Entertainment, Review

“When Are You Going To Reflect Our Real Lives?” Disablity Rights Activists Protest Against Me Before You


Once again, representations of disability have this week hit the headlines, with disability rights activists protesting at the UK premiere of Jojo Moyes’ film adaptation of her bestselling book, Me Before You. The film has created an uproar on Twitter, with one user claiming that it is responsible for “setting back disability right by 30 years,” and another demanding “When are you going to reflect our real lives?”

The film tells the story of a supposedly unlikely relationship between carer Lou, played by Emilia Clarke, and Will, who became quadriplegic after a car accident, played by Sam Claflin. Previous to their meeting, Will has decided that he wants to kill himself due to his new life with a disability and has applied to go to the assisted suicide clinic in Switzerland, Dignitas.

This is not the first time that films have presented suicide as the ‘best’ option for severely disabled people. There is an on-going motif in films about disabled people that it is better to die than to continue to live with an intrusive disability. Disability is routinely used as an emotive plot feature and so it is understandable that one twitter user wrote, “I’m not your inspiration porn and I’m not a thing to be pitied or killed off to make the audience cry.”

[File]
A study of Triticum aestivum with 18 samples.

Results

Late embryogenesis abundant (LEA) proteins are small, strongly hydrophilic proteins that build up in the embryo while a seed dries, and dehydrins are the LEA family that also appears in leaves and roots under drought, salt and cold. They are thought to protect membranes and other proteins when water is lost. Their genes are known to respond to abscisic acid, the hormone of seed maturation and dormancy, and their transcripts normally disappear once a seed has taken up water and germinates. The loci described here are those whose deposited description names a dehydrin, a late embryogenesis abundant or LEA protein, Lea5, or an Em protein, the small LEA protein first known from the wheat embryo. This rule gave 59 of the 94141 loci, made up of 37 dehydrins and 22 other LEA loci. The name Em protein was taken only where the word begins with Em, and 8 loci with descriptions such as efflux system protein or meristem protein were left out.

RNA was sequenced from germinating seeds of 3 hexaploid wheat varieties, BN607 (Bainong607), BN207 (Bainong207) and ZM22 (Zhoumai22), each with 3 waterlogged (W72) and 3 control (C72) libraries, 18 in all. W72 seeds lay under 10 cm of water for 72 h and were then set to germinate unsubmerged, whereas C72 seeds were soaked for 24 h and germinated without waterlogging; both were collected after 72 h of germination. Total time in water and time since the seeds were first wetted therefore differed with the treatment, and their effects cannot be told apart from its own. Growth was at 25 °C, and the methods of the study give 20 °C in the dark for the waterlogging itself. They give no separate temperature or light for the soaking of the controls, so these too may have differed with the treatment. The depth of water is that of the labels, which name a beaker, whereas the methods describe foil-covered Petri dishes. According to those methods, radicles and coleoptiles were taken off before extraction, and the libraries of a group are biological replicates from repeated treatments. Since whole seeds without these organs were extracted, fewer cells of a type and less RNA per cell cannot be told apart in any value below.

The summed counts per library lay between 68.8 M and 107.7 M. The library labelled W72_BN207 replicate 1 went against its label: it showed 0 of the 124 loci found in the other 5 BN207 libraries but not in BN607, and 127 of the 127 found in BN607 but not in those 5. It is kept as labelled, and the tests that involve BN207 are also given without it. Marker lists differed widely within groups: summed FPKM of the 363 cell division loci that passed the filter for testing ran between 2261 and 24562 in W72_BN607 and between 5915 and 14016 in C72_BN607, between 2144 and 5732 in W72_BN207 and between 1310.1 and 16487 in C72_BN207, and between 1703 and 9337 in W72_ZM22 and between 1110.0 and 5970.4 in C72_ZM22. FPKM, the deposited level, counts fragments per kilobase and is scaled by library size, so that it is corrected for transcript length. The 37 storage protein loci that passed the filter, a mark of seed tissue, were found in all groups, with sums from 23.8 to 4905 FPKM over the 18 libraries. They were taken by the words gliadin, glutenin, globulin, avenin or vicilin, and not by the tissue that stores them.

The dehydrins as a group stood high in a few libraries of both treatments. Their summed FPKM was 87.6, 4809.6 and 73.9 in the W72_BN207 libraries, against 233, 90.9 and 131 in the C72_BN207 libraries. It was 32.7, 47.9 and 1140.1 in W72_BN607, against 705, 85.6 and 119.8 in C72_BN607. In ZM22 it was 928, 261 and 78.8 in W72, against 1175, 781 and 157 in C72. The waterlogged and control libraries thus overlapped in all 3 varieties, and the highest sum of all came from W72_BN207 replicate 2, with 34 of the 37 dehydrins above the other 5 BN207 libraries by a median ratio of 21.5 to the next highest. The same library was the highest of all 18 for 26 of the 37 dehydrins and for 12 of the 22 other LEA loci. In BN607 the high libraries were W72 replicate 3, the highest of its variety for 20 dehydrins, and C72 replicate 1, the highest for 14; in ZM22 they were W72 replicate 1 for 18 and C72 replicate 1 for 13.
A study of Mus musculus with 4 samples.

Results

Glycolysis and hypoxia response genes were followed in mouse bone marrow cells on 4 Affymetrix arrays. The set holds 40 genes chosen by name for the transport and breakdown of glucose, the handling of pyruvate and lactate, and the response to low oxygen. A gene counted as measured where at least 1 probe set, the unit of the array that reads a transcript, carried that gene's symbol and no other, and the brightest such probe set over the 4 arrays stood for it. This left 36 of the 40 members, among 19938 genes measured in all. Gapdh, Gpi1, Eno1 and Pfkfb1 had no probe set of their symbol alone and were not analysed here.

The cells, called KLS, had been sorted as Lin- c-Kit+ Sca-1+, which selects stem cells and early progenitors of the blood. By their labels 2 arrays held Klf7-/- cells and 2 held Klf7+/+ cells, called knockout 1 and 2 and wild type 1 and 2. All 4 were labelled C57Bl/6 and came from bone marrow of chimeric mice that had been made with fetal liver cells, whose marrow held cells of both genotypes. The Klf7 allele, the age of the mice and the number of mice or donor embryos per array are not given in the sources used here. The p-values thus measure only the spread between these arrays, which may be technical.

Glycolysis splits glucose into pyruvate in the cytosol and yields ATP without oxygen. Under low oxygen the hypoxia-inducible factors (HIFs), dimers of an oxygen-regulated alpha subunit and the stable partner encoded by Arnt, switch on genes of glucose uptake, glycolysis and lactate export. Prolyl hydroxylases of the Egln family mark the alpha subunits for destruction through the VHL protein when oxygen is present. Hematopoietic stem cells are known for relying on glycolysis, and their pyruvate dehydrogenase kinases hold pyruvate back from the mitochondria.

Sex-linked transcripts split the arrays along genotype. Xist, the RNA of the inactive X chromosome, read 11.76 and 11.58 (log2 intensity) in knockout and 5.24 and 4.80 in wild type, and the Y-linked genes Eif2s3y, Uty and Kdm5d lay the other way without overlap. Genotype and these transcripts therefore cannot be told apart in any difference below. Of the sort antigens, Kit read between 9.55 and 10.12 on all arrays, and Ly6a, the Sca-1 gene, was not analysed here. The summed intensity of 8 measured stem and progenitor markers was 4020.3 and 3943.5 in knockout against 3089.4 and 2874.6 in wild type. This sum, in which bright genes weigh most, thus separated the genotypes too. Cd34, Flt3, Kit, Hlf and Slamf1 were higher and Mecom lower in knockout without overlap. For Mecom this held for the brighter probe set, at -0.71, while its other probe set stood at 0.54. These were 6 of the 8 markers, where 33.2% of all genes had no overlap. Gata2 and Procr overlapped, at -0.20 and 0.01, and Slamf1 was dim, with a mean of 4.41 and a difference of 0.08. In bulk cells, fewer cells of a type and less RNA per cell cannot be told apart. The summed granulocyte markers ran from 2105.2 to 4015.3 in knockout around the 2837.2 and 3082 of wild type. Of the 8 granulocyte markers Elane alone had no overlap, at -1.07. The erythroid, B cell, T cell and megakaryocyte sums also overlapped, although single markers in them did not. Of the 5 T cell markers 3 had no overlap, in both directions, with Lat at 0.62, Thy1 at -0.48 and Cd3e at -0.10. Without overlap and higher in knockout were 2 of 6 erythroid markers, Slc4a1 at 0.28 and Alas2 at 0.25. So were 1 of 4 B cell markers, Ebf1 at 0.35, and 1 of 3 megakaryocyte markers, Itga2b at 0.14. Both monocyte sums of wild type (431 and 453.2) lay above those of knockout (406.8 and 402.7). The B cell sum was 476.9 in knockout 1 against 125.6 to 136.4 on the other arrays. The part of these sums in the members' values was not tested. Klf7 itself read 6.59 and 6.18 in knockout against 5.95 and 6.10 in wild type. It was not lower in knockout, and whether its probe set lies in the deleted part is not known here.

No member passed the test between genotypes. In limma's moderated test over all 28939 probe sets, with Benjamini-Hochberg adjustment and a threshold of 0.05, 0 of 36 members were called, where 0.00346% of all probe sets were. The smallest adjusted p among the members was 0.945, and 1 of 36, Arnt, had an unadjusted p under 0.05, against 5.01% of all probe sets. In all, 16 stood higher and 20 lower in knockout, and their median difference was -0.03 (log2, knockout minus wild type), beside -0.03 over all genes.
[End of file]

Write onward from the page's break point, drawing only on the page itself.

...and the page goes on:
The film has also met criticism for its casting of a non-disabled actor to play the role of Will, Sam Claflin not having any physical disabilities in real life. Similarly to The Theory of Everything, which depicts able-bodied actor Eddie Redmayne as Stephen Hawking, many disability rights activists have said that Me Before You is guilty of enabling “cripping up”, or the act of pretending to be disabled for entertainment purposes.

In a video of the premiere protest, activists can be seen chanting “Rights not Tragedy” to the bemusement of the film’s writer Jojo Moyes, who was apparently unprepared for this response. She told activist and actress Liz Carr, “I have to say, in all the years, I’ve never had anyone that shares your views.”

The lasting message of these protests is not that disabled people who are also suicidal do not exist, but rather that the consistent representation of disability as tragic or worse than death is insulting, and more than a little ‘done’. In the same way that racist and sexist cinematic misrepresentations are routinely challenged, reductive portrayals of the lives of disabled people are simply not acceptable in this day and age.